CBS News reports that an activist group of female cancer survivors, calling themselves the “Taxotears” claim they have been rendered permanently bald by the chemotherapy drug Taxotere. The cancer drug, which is produced by pharmaceutical company Sanofi-Aventis to treat breast cancer, did not previously list permanent alopecia or hair loss among the known side effects for the drug. The official prescribing information for the pharmaceutical states:
“Loss of hair occurs in most patients taking Taxotere (including the hair on your head, underarm hair, pubic hair, eyebrows, and eyelashes). Hair loss will begin after the first few treatments and varies from patient to patient. Once you have completed all your treatments, hair generally grows back.”
Many of those suffering permanent hair loss have reported their condition to pharmaceutical regulatory agencies and have worked to raise awareness of this under-represented side effect. There have even been reports of some former Taxotere patients goading Sanofi-Aventis on its social media pages. Concerned with the lack of information provided to female patients regarding possible outcomes of treatment with Taxotere; affected women have formed a website; aheadofourtime.org, to “share emotional support, compare medical research and educate health care providers.” Last year, the FDA finally responded to patient concerns by issuing a label change listing permanent alopecia. The new label became effective on November 24, 2015.
It has been estimated that up to 75% of breast cancer patients who have undergone chemotherapy have been prescribed Taxotere. Furthermore, research published by the National Cancer Research Institute found that 10-15% patients prescribed the medication suffered permanent hair loss. If you are one such patient, you are not alone.
Arentz Law Group is interested in pursuing lawsuits on behalf of patients who have suffered permanent hair loss after undergoing chemotherapy with Taxotere. If you or a loved one has suffered permanent hair loss after chemotherapy, you may not have been adequately warned of this side effect and you may be eligible for compensation. Please fill out the contact form on this page, call Arentz Law Group at 1-800-305-6000, or text us at 800-440-4400 to begin a free review of your Taxotere hair loss claim no matter where you live.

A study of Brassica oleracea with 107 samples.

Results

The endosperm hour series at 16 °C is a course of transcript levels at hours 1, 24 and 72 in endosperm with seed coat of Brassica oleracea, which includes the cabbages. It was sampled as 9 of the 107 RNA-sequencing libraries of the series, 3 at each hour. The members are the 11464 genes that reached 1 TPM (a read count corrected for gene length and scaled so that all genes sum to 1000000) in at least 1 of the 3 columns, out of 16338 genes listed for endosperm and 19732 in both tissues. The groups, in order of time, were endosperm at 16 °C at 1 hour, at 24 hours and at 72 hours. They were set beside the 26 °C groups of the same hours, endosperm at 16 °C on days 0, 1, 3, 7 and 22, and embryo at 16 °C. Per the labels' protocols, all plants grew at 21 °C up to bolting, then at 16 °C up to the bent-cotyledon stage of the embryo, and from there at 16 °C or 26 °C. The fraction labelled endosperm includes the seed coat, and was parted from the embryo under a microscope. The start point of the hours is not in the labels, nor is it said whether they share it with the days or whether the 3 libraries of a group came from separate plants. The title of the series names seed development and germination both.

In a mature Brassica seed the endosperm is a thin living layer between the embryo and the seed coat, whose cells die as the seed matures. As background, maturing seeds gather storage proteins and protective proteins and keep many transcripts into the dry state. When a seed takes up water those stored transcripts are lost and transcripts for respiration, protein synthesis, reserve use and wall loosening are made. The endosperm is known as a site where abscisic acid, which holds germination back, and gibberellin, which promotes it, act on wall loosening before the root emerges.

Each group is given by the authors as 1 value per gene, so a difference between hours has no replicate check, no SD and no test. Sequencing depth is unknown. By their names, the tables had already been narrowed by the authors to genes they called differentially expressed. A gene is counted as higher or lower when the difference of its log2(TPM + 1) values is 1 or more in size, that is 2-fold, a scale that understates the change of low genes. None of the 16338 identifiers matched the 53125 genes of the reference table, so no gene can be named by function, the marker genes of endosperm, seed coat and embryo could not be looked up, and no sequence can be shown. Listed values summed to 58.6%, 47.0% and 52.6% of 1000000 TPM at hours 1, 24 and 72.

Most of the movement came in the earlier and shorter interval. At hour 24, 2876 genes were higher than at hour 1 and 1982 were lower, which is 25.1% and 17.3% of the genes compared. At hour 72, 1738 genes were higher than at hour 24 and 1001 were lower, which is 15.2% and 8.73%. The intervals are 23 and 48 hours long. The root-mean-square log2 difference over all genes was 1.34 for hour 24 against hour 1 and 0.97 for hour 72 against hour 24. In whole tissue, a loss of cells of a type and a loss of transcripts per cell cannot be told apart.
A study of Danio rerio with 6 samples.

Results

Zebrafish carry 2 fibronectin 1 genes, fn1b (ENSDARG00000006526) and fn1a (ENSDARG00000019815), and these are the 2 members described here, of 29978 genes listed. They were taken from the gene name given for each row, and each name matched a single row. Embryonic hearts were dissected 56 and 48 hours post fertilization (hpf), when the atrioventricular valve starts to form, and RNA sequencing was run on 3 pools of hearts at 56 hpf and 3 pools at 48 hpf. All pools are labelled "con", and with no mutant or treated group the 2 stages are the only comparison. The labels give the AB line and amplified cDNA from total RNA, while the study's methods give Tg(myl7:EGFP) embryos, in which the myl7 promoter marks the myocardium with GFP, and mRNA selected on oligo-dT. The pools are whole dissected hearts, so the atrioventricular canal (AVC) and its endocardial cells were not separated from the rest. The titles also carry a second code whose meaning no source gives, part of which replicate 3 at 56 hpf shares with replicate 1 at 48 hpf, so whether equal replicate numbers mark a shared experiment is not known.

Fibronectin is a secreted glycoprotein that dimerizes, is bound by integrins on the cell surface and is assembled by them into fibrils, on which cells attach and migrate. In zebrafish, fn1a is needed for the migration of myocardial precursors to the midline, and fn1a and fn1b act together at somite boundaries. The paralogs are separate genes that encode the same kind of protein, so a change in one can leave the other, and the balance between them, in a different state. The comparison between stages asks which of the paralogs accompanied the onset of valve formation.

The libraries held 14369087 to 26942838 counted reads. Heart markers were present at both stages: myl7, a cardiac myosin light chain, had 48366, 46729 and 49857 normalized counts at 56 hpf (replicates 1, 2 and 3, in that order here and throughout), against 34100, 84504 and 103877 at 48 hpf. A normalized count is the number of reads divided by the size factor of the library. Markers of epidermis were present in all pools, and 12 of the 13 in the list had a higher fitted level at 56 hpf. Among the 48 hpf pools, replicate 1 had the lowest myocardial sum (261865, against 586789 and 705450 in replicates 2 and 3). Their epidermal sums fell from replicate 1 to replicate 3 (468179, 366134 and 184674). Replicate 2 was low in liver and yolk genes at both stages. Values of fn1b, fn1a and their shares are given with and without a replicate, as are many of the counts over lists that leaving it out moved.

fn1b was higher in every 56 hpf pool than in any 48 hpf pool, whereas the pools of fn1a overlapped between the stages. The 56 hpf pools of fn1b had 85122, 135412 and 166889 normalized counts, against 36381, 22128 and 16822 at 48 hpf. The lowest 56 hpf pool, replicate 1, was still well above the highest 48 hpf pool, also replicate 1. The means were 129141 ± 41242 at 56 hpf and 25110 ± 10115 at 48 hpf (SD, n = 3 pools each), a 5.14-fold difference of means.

A group of twenty-seven lawmakers have written a letter to the US Centers for Medicare and Medicaid Services (CMS) requesting that the agency establish a regulation to guarantee that all nursing home arbitration agreements are entered into on a voluntary and informed basis. Effectively ending forced arbitration in nursing home contracts which would limit the ability of residents and their families to file lawsuits over nursing home neglect and abuse.
Proposed new regulations by the CMS would force revision of arbitration clauses in nursing homes which receive federal funding. However, consumer watchdog groups and others feel that the proposals do not act aggressively enough to limit forced arbitration.
Forced arbitration clauses included in some nursing home contracts act to keep families and residents from filing lawsuits against the facility. Therefore, any claims of neglect, abuse, or other issues which could otherwise become the subject of a lawsuit, are settled by a third-party arbitrator who may be referred by the nursing home industry itself. To add to such concerns, participation in such an arbitration set-up is a requirement of admission to the facility. Furthermore, residents and families are not always adequately advised of the nature of the agreement when they are signing it.
The current proposal was reopened for public comment on September 15, 2015 for a month, and does not require Medicare and Medicaid participants to halt the use of forced arbitration clauses, though it does nod to the trouble they cause for residents and their families.
As awareness grows concerning a possible link between exposure to the weed killer Roundup and cancer, California is poising itself to be the first state in the country to require labeling advising of the public of its carcinogenic nature.
The Office of Environmental Health Hazard Assessment (OEHHA), a division of the California Environmental Protection Agency (CAL-EPA) has published a “notice of intent”, advising companies and consumers that it has determined the herbicide glyphosphate to be a cancer-causing agent. The OEHHA came to its decision after reviewing findings made by the Word Health Organization’s International Agency for Research on Cancer (IARC) in March about the hazards presented Roundup.
Roundup remains one of the most widely used chemical herbicides since its introduction in the 1970s by Monsanto. According to the OEHHA, the data collected by the IARC satisfies California’s criteria for state-wide labeling requirements for carcinogens. The actions taken by however will not limit the sale or distribution of Roundup, only that Monsanto would required to amend the current label to include “clear and reasonable” health warnings to Roundup products.
Monsanto maintains that the findings of the IARC are the outcome of “agenda-driven junk science” , and that it is initiating its own inquiries into the safety of Roundup.
The US Environmental Protection Agency announced in April that it would consider the safety concerns of Roundup in an upcoming hearing.